May 7, 2015 Statistics & Trends No Comments Print Print Email Email

Hotel sales and revenue management teams are accountable for delivering profitable business to their properties. Incentive compensation is an important motivational tool for these roles, but a new study uncovers significant employee dissatisfaction with the current state of incentive compensation plans in the hotel industry. This, in turn, poses important risks for a hotel’s sales and revenue management talent retention, motivation and overall employee engagement.http://www.angsana.com/en/ap-thailand-phuket/discover-value/adventure

That’s the conclusion of the Hotel Sales Incentive Practices Research Study by global sales and marketing consultancy ZS and the Hospitality Sales and Marketing Association International (HSMAI) Foundation. In this study of incentive compensation design – the first of its kind for the hotel industry – ZS surveyed 522 HSMAI members in sales and revenue management within the U.S. andCanada. The goal was to better understand the structure of incentive plans today and highlight opportunities for improvement.

In ZS’s analysis of a wide range of hotels, from boutiques to international luxury resorts, only 20 percent of sales executives and 18 percent of revenue managers reported being likely to recommend their incentive compensation plans to other colleagues or peers. The majority of participants, however, were unlikely to do so for several reasons – particularly overall pay levels, low payout upside, limited performance reporting and poor plan administration.

“The magnitude of dissatisfaction across these roles may have significant consequences for the industry,” said ZS Principal Tony Yeung. “Low incentive plan satisfaction among revenue management and sales teams can translate into lower motivation and a loss of talent over time.”

“Turnover in hotel ownership and difficulties in articulating a return on investment of sales, marketing and revenue management initiatives challenge an impactful incentive plan,” said Robert A. Gilbert, president and CEO of HSMAI. “Attribution of hotel revenue performance is becoming more complex today, which contributes to the wide variety of plans that exist in our industry. With that, many need to be updated.”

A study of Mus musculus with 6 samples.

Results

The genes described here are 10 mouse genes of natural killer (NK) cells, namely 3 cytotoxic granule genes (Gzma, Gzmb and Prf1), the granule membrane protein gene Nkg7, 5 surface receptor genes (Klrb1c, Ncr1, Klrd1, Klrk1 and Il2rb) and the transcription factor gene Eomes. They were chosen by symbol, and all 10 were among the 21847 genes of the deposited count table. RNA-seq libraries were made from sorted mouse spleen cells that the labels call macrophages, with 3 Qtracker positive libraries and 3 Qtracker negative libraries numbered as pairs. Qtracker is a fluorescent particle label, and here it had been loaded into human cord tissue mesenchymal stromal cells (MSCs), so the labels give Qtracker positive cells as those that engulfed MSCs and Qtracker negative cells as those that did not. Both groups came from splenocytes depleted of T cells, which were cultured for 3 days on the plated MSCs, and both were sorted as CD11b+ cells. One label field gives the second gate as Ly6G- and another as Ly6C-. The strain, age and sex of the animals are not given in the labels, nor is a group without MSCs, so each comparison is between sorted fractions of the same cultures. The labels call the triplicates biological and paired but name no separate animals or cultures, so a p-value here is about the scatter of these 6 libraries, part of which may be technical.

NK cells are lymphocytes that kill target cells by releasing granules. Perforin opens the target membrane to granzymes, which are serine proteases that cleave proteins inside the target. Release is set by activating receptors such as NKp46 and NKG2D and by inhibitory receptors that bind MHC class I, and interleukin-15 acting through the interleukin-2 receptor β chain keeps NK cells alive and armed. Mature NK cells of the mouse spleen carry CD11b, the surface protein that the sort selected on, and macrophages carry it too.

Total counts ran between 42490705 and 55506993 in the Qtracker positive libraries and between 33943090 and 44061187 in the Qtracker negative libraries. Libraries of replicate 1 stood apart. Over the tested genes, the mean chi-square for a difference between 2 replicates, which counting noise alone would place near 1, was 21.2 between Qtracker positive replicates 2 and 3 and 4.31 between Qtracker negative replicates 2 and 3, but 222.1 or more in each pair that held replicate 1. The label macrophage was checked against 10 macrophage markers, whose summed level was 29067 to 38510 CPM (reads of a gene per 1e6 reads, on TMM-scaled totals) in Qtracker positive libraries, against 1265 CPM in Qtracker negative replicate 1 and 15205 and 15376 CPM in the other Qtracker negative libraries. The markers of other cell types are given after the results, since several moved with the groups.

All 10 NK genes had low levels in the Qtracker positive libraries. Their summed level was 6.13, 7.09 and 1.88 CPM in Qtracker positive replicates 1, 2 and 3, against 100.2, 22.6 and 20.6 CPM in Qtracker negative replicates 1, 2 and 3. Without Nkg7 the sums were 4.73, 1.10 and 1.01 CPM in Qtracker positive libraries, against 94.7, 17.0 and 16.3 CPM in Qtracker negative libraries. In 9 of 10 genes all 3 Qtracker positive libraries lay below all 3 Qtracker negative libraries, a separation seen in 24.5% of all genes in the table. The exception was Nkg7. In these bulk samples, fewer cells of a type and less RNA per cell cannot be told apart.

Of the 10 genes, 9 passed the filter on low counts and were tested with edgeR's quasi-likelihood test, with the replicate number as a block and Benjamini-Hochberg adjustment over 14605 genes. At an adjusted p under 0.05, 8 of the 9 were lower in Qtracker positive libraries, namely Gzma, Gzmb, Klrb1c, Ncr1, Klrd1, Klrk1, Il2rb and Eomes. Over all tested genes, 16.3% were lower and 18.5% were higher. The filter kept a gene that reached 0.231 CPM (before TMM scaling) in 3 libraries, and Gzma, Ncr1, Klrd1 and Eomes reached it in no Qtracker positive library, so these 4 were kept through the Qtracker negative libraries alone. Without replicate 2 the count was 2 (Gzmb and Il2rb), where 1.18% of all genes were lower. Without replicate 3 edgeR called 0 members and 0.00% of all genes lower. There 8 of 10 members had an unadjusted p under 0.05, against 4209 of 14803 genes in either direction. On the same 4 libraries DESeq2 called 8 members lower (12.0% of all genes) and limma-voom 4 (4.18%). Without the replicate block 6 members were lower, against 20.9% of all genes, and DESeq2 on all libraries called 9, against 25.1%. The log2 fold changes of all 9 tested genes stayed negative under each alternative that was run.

Industry-wide Practices Reduce Employee Motivation

In their study, ZS and the HSMAI Foundation identified the most common plan structures, metrics and plan management approaches. They isolated common areas that impact incentive compensation plan satisfaction: overall compensation levels, differential pay for low and high performers and performance reporting topped the list as the biggest drivers.

“Survey participants who are likely to recommend their incentive plan to others tend to work at hotels that offer higher total compensation,” says Yeung. “This emphasizes the need to benchmark and ensure pay levels are competitive within both the hotel industry and broader sales function.”

“Simplicity and good communication are common denominators for success and, thankfully, there are many other non-monetary drivers of satisfaction,” added Gilbert.

About 50 percent of sales and revenue management participants also cited relatively low differentiation between top and average performers in their compensation plans – an issue that is particularly acute for the hotel industry.

“In many other industries, such as high-tech, industrial products and health care, we see a much higher proportion of incentive budget allocated to top salespeople, which often translates to a two to three times payout difference between high and average performers,” said Yeung. “For many hotel brands and individual properties, relatively low pay differentiation is limiting the impact of their incentive plans.”

Finally, ZS discovered that performance reporting also impacts plan satisfaction.

“Timely and accurate performance reporting and monitoring reinforces the value of an incentive plan, but many hotels lack strong tools to do so,” said Yeung. “Addressing this can improve plan satisfaction at relatively low cost.”

Opportunities for Improvement (Hint: It’s Not Always About Money)

ZS and the HSMAI Foundation uncovered several opportunities to drive higher plan satisfaction and performance within sales and revenue management. Higher total pay levels are one opportunity, but others exist that require less, if any, incremental investment.  Additional opportunities include:

  1. A stronger focus on pay-for-performance to better reward, motivate and drive performance of top employees;
  2. Establish accurate, realistic and achievable goals that better reflect performance expectations;
  3. Adopt recognition programs to acknowledge the strongest contributors; and
  4. Develop robust tools for sales and revenue management performance reporting to enable teams to always know where they stand towards their goals and payouts.

“We think opening a candid dialogue about this dissatisfaction rate can only serve to improve satisfaction and results for hotel management and ownership,” said Fran Brasseux, executive director of the HSMAI Foundation.  “Sales, marketing and revenue management teams all need to be on the same page with the same target for hotels to achieve optimal top and bottom line performance.”